North American Aviation Inc, designed during 1937 the prototype of a lightweight primary trainer which it designated North American NA-35.
Powered by a 93kW Menasco Pirate inline engine, it was of low-wing monoplane configuration with fixed tail-wheel landing gear, and seated the instructor and pupil in tandem open cockpits. When the NA-35 failed to win a US Army Air Corps contract in 1939, North American sold all rights to Lockheed's Vega subsidiary. Vega built only four of these Vega 35 aircraft, two with more powerful 119kW Menasco
Pirate D-B engines, the first flown in 1941, but by then the company had no manufacturing capacity available and Vega 35 production was abandoned.
| Take-off weight||875 kg||1929 lb|
| Wingspan||9.07 m||30 ft 9 in|
| Max. speed||216 km/h||134 mph|
|Wayne Ford, e-mail, 25.02.2014 02:48|
My dad, Frederick Arthur Ford, Jr., was a flightline test engineer at NAA who worked on the NA-35. I have a rare photo, which I have never seen anywhere else, of the NA-35 sitting on the flightline with 36 NAA workers standing /squatting in fronr of it with one of them sitting in the forward cockpit. That man was my dad. There is also a radial engine aircraft with AAF markings in the background. Anyone else seen this photo?
|don carter, e-mail, 02.12.2009 21:36|
ihave upper engine cowl from a vega 35 crash yellow with black aanti glare. would like to learn history of each one,n numbers, ee
|Harry Gordon, e-mail, 24.03.2009 19:57|
My first open-cockpit flight was in a Vega 35 based at Gardena Valley Airport near L.A. in 1945.
The prototype North American NA-35 was built as a potential primary trainer for the Army, but the Ryan ST was chosen instead. (Both planes used the Menasco engine.) NAA then sold the design and manufacturing rights to Vega, but only four Model 35s were built. NAA reportedly used the NA-35 wing design for the Navion.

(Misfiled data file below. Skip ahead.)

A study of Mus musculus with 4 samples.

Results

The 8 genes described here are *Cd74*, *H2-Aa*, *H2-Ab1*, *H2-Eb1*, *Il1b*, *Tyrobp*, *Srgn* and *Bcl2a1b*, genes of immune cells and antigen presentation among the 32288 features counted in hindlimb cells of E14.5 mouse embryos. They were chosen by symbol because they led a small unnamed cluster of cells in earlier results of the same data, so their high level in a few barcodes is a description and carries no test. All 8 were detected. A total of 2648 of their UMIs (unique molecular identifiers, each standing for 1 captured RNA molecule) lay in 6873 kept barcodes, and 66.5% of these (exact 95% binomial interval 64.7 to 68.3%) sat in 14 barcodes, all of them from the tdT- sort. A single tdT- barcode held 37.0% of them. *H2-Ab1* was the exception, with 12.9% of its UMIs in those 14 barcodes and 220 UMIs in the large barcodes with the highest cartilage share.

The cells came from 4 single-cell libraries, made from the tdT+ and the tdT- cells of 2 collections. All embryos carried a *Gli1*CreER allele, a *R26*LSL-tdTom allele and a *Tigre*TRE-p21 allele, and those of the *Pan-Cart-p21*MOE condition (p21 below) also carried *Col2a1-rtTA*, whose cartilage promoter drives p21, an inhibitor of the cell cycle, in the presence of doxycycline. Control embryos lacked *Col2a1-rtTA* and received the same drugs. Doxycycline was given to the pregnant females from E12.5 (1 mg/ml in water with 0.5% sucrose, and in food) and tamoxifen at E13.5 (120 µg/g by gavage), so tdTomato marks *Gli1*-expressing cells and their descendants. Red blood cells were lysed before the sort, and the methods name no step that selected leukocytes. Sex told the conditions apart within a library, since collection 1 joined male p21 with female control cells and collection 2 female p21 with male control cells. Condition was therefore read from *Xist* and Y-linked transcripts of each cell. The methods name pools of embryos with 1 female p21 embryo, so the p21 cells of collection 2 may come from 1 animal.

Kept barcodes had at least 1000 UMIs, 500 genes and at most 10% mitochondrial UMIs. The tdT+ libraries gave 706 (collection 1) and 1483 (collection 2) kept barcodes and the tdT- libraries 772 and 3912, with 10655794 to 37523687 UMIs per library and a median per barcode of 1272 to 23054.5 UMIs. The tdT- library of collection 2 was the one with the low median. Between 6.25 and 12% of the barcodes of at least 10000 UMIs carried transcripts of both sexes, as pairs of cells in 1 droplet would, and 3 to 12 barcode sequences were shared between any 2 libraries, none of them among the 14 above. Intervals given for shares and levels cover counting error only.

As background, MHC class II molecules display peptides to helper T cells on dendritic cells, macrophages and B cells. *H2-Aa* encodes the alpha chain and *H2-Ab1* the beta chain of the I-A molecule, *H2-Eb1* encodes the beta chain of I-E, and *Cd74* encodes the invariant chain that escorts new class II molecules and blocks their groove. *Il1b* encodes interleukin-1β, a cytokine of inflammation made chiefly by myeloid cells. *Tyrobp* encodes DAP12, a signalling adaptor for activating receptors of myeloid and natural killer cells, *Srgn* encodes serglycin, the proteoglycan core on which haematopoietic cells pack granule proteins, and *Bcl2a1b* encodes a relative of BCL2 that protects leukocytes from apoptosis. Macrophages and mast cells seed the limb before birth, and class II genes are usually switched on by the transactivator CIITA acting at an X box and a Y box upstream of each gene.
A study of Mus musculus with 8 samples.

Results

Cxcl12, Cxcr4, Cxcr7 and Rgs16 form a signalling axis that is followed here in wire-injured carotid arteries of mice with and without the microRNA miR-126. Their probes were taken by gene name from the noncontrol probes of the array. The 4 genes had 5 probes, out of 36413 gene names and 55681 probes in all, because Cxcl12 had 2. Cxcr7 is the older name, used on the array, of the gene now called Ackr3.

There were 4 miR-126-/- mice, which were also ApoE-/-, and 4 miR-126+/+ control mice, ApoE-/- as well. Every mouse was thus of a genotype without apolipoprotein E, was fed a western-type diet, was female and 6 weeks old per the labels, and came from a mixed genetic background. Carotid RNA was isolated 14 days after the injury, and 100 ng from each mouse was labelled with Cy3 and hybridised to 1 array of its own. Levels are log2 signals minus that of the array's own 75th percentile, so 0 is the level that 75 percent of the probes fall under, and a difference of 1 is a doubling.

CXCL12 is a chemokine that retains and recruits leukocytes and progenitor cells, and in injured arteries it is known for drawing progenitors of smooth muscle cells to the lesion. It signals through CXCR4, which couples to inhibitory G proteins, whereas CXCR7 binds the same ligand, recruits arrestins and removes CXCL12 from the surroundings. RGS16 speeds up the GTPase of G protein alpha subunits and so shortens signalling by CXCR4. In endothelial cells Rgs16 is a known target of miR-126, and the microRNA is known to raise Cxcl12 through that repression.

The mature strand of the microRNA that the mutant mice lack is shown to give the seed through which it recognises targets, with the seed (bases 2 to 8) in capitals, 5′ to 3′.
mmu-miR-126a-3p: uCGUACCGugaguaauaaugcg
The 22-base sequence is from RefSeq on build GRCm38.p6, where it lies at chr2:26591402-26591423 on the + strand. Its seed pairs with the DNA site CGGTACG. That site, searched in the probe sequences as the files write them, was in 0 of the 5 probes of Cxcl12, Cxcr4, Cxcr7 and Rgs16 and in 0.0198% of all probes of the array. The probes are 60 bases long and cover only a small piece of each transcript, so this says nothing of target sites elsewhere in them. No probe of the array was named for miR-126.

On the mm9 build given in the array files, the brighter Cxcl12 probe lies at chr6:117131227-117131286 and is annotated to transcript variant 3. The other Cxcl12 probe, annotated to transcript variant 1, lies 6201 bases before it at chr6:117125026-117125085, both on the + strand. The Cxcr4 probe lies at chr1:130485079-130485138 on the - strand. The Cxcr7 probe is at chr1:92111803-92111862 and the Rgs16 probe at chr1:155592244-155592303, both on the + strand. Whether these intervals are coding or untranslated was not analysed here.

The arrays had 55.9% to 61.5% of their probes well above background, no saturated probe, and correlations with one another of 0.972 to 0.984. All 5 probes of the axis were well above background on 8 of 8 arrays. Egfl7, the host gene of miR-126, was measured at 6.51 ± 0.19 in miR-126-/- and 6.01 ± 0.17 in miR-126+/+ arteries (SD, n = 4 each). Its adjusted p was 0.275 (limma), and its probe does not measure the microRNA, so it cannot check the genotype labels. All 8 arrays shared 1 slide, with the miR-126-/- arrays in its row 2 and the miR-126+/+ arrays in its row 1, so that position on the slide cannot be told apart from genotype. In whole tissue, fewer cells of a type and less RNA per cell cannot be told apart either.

A few days after my ride in the Vega, I had a breakout of impetigo on my face, apparently contracted from the dirty flying helmet I borrowed for the flight.
|Marc Guerriero, e-mail, 11.06.2007 04:26|
I forgot to mention, the prototype by North American was called the NA 35.
|Marc Guerriero, e-mail, 11.06.2007 04:23|
Comet model co., which is now out of business made a flying balsa kit of this airplane. Of course the prototype was made by North American aircraft. with the prototype, North American failed to interest the Army. That is when they sold the license to manufacture this design to lockheed Vega. Lockheed Vega only made four of these under contract. when the U.S. got involved in the war, the company did not have the capacity to manufacture additional models of this aircraft. You can find a photo of the Prototype on the internet. It had the registration# NX 14299. I have the model kit by comet. You can sometimes find them on e bay. If you ever get a hold of this model kit, you will find that the U.S. Army military markings in the plan ( and decals that come with the kit) are deceiving since the Army turned the design down.
|pete maynard, e-mail, 31.12.2006 00:54|
my father recently passed away and i've been going through his logbooks. in book #3 covering 8 /26 /1941 to 8-23-1944 I noted one entry of him flying a "Vega 35", registration # NC28352 on 6-12-1943 at at Wichita Falls, Texas. He was an instructor teaching the "secondary instructor course" at Wichita Falls. not familiar with this type aircraft i found it through your website, cross checked the registration number and found that only 4 of the Vega 35's were made. very interesting find. thanks for the info.